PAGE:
Google Algorithm Change Will Prioritize Mobile-Friendly Webpages

We’ve been saying it for years, mobile, mobile, mobile, and in about 5 consecutive years declared “the year of mobile.” It’s taken Google’s announcement that search engine results pages will prioritize mobile-friendly results for the message to finally hit home for most marketers.

If you’ve yet to upgrade to mobile, or you were stuck considering and weighing the benefits of supporting mobile, there really is no better time to make the move (but how many times have we said that).

Here’s everything you need to know about Google’s algorithm upgrade, what you should do to make your webpages mobile-friendly (if they aren’t already) and a realistic calculation of how this algo change will affect your traffic.

What’s Happening

Google changes its algorithms multiple times a day, to keep its secret sauce secret and to keep marketers on their toes (among other more valid reasons). These changes are usually announced the same day they are launched, and marketers have to scramble to support them or adapt. This time around, when Google annouced that mobile-friendliness would become a determining factor in page rank, the search engine giant gave enough advance notice for marketers and businesses to scramble to make their webpages mobile-friendly before the algorithm changes launch. How kind of them.

Starting April 21, mobile-friendliness will become a ranking signal, and it will affect mobile searches in all languages worldwide.

Chuck Price for Search Engine Watch shared some details on the change, and what he calls “Mobilegeddon”: 

  • Responsive design does not have a ranking benefit over creating a separate mobile site
  • Googlebot must be allowed to crawl CSS & JavaScript to pass the “mobile-friendly” test
  • Mobile friendliness is determined at the page level – not sitewide
  • Tablets will not be affected by this update
  • Google is currently working on a dedicated mobile index

So if you are completely unprepared for this algorithm change, here is what to do.

What To Do

The first thing Google suggests is to use their Mobile Usability Report in Google’s Webmaster Tools. If your webpage fails the test, you have 2 options to fix it.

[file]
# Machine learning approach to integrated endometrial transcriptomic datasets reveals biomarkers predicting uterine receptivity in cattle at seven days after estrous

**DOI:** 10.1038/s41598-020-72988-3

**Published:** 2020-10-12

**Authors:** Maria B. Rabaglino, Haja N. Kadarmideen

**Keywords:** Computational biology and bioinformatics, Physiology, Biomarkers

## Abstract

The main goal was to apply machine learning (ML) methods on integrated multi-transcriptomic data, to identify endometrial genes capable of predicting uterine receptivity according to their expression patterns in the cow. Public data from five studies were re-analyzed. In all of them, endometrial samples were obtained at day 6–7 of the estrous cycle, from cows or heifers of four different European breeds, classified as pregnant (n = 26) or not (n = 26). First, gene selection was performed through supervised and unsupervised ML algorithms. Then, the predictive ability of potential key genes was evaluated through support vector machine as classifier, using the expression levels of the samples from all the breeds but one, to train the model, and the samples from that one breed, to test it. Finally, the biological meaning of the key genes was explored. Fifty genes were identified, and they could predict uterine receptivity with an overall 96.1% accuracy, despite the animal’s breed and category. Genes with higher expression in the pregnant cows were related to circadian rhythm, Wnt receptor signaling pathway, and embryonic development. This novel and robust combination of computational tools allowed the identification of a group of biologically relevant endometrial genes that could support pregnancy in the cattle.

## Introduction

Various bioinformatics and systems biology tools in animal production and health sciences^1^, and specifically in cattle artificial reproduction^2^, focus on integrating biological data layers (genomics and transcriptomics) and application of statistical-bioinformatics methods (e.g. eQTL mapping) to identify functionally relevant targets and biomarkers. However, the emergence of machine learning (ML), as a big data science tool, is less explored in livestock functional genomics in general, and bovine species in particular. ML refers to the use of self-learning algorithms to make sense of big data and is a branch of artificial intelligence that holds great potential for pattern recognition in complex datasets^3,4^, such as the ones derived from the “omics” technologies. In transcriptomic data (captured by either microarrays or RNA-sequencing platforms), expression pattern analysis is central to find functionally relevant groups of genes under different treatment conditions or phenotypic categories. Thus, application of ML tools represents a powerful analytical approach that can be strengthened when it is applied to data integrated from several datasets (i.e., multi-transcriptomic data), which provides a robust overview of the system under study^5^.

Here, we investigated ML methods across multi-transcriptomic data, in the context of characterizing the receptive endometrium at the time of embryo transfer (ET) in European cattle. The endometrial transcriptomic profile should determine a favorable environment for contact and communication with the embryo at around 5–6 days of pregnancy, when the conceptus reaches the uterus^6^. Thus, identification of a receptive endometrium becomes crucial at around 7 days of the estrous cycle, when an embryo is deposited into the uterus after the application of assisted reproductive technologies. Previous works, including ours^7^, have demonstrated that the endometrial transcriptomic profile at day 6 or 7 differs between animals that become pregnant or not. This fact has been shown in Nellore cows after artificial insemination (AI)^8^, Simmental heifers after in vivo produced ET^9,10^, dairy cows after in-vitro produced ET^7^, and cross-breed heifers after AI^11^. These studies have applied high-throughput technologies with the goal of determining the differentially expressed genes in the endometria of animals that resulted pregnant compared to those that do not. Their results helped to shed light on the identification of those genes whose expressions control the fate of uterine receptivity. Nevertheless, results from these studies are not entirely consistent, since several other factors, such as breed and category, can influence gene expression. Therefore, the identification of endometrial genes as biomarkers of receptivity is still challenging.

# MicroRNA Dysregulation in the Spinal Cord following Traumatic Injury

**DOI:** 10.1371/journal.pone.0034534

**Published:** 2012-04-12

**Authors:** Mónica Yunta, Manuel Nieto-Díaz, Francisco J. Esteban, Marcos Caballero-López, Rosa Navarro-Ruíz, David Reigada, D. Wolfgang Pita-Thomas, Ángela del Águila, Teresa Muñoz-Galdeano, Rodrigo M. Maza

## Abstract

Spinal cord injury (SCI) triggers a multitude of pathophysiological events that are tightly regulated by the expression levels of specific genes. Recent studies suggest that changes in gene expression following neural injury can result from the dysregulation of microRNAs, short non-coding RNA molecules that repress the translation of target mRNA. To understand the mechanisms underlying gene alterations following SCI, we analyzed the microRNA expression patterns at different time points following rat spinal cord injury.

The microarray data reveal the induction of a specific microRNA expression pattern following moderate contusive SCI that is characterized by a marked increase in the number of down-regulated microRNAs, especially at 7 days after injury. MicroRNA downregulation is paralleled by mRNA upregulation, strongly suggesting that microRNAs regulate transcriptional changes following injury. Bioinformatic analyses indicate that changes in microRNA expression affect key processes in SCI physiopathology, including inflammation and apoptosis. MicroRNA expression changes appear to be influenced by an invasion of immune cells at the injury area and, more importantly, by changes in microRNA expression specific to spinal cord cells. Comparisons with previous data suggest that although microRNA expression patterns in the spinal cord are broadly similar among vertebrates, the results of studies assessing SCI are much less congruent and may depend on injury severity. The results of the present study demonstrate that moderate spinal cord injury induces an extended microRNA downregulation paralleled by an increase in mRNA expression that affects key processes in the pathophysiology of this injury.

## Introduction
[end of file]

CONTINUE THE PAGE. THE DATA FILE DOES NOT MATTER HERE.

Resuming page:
1 – Make your site responsive

2 – Set up a separate mobile site, using the subdomain, (If you choose to go down the mobile-only design route, don’t forget to use canonical tags pointing to the desktop URL for duplicate mobile pages.)

Google recommends going responsive, because that has worked for them and the search engine feels responsiveness would work for almost everyone. But Google stressed at a Q&A with Gary Illyes that there is no actual ranking benefit to choosing responsive over creating an exclusive mobile experience.

There are pros and cons to both options. To help you decide what to do for your webpages, Chuck Price included an indepth pros and cons list for each solution. But before you rush off, you should consider the actual effect of this change, with the calculations below. 

The Impact

A post on Search Engine Land outlined how much traffic you will lose from the upcoming mobile SEO-pocalypse, as they called it. Justin Briggs, CEO at Briggsby marketing consulting firm, calculated that because his webpages are not mobile friendly, the change would cost him to potentially lose less than 1% of traffic.

Knowing how to calculate the effect of the mobile-friendly update could help you de-stress, potentially. If the change to your traffic is as low as Briggs reports, you can afford to take your time and set up a mobile-friendly version of your webpages at a reasonable pace rather than racing to finish before April 21st. If you stand to lose a lot of traffic on the other hand, get going and support mobile already (it’s not like people have been saying it for years or anything).

Jillian Zacchia

Jillian Zacchia

Jill is a professional writer, editor and social media procrastinator. With a degree in Literature and Communications from McGill, she started her journalism career writing about lifestyle and entertainment for teen magazines, and after dabbling with wedding and travel writing she began the transition towards content creation for start ups, marketing and tech companies.